During the recent return to guitar practice, in the form of examining how I go about producing sounds on the guitar (in a conventional manner), I found myself thinking/wishing I had begun or focussed on certain things much earlier on in my guitar playing life. Of course there are so many non-sensical aspects in wishing you had your time over again. The mind I have now is not the one I had then. The musical ambition and desires I had then are not what I have now. I think I was in much more of a hurry then, wanting to play particular kinds of music and needing the skills to accomplish that.
Starting out I got reasonably efficient in some limited aspects of playing which gave me a sense of achievement and identity. This encouraged me to keep developing these aspects to continue the sense of achievement. However, music is a ‘broad church’ with many different aspects and I soon realised that my narrow focus meant other aspects went undeveloped. The types of music being made (largely my preference) required certain skill sets, whilst I realised that there were gaping holes in my knowledge, I was driven by artistic needs not by craft. Simultaneously, however, I kept exploring the guitar in a haphazard way, which was an important balance to the conventional studies, and possibly more crucial to the development of any individuality I might have found.
There have been times over the decades when an exploratory approach has been the dominant mode of functioning with my guitar and other times where a particularity of working with a narrow focus has been predominant. This may seem like an issue of semantics, but it seems to me that both specialisation and exploration can be contained within each other, that it is simply a matter of perspective as to how you would like to see this potential dichotomy. There have been times, when through my open-ended meanderings on the instrument, I have discovered an intervalic sequence, chord voicing, unusual fingering, etc. that has stimulated a particular area of research that has developed my technique in a very specific way. The specialised emerging from the exploratory.
Then there is the importance of playing without repetition, or without constant articulation of well known material. Here is a testing, exploratory approach but with a focus on doing it in a highly particular manner, one might call it ‘specialised’.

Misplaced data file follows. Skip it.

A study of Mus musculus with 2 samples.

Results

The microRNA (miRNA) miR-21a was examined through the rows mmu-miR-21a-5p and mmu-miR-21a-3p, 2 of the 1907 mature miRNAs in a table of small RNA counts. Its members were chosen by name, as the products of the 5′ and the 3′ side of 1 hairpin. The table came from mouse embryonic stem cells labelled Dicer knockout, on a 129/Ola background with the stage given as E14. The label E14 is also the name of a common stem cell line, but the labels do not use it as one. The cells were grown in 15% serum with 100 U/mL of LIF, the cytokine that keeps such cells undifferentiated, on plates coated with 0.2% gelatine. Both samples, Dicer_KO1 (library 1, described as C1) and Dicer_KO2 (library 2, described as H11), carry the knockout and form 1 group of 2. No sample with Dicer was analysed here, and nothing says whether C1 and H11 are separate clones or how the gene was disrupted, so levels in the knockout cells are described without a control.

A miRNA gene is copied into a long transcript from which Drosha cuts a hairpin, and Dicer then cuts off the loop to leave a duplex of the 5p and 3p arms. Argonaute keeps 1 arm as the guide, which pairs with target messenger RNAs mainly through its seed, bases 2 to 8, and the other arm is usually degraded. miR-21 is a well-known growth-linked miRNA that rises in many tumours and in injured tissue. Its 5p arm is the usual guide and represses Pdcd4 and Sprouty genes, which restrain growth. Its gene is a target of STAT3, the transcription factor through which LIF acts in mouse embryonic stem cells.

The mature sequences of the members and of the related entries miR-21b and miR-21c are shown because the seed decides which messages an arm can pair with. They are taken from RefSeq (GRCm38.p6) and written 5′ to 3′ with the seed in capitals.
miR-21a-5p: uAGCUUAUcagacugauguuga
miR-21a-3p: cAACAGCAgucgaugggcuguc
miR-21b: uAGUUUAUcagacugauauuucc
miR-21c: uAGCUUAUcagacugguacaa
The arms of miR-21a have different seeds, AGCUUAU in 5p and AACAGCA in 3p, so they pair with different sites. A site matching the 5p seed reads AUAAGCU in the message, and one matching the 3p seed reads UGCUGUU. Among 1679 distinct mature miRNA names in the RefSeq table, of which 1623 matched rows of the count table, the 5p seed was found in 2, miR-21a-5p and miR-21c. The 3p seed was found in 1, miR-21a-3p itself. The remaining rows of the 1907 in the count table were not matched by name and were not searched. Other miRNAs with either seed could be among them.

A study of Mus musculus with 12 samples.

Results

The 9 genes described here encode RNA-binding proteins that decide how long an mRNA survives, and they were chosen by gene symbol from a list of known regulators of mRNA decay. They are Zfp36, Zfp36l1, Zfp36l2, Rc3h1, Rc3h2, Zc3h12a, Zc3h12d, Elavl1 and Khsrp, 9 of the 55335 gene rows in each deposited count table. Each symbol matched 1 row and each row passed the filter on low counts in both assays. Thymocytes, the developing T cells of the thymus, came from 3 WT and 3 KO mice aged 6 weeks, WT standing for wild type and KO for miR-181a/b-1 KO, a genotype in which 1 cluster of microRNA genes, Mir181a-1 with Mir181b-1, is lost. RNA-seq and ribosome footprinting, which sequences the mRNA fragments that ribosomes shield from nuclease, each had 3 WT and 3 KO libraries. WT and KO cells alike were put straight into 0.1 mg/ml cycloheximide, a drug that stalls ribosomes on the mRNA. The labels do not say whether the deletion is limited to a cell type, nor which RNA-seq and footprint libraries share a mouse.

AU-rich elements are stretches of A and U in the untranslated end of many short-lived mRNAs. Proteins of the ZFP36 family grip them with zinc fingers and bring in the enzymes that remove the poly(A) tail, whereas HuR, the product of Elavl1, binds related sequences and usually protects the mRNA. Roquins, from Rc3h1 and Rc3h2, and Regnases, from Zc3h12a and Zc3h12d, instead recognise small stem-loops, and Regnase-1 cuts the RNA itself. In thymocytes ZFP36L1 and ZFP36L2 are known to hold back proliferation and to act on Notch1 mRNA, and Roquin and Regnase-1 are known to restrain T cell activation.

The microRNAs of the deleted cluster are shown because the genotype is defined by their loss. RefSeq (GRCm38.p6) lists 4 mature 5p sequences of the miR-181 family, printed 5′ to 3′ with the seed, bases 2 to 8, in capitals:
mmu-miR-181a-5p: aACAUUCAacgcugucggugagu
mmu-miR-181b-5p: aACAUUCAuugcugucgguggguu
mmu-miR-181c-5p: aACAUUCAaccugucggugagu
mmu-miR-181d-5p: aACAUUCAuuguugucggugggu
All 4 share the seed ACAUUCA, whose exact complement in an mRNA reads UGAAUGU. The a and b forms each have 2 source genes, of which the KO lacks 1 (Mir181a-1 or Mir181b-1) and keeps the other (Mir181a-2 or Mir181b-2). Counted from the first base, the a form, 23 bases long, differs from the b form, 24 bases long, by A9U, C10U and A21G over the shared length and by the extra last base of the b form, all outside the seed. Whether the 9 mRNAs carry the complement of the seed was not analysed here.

Specialisation and exploration don’t need to be thought of as polar opposites.
It is true, that we have only a certain amount of time to produce creative work and practice in amongst whatever else is required to live a life. If your livelihood, or main musical activity revolves around the requirements of a particular genre of music, for example, it is likely you will be spending most of your time practicing, refining and extending the related skill sets leaving little time for open-ended exploration.
I am in the position where I do not need to rehearse or practice anything specific in my sessions alone with the instrument. Just recently I discovered some gaping holes in my facility with some basic arpeggios through exploring a complicated intervallic sequence. This led me to review what arpeggios I did have facility with and how I structured their application, etc. I found some old guitar grids (6 strings and 12 frets of the guitar fretboard) I had drawn out marked with notes of seventh chords and some altered chords. I suddenly understood these diagrams as I would scales. This is a common practice as a visual aid for marking out different scales/modes on the fretboard, but seeing the patterns of the chord tones marked on the grid helped me to think about approaching chord tones as I might a scale. The difference in thinking was subtle but strong enough to stimulate a new creative relationship with this familiar material and to reconfigure fingerings, visualisation and usage.
This little insight led to the thought of how compartmentalised is my knowledge of material for the guitar and how I had practiced much of this stuff discretely, with particular articulations, within certain contexts and thinking, but how vital it is to be integrative with any isolated material. Practicing moving into and out of the focus material in a flow of play, not entering and exiting via the exact same pathways.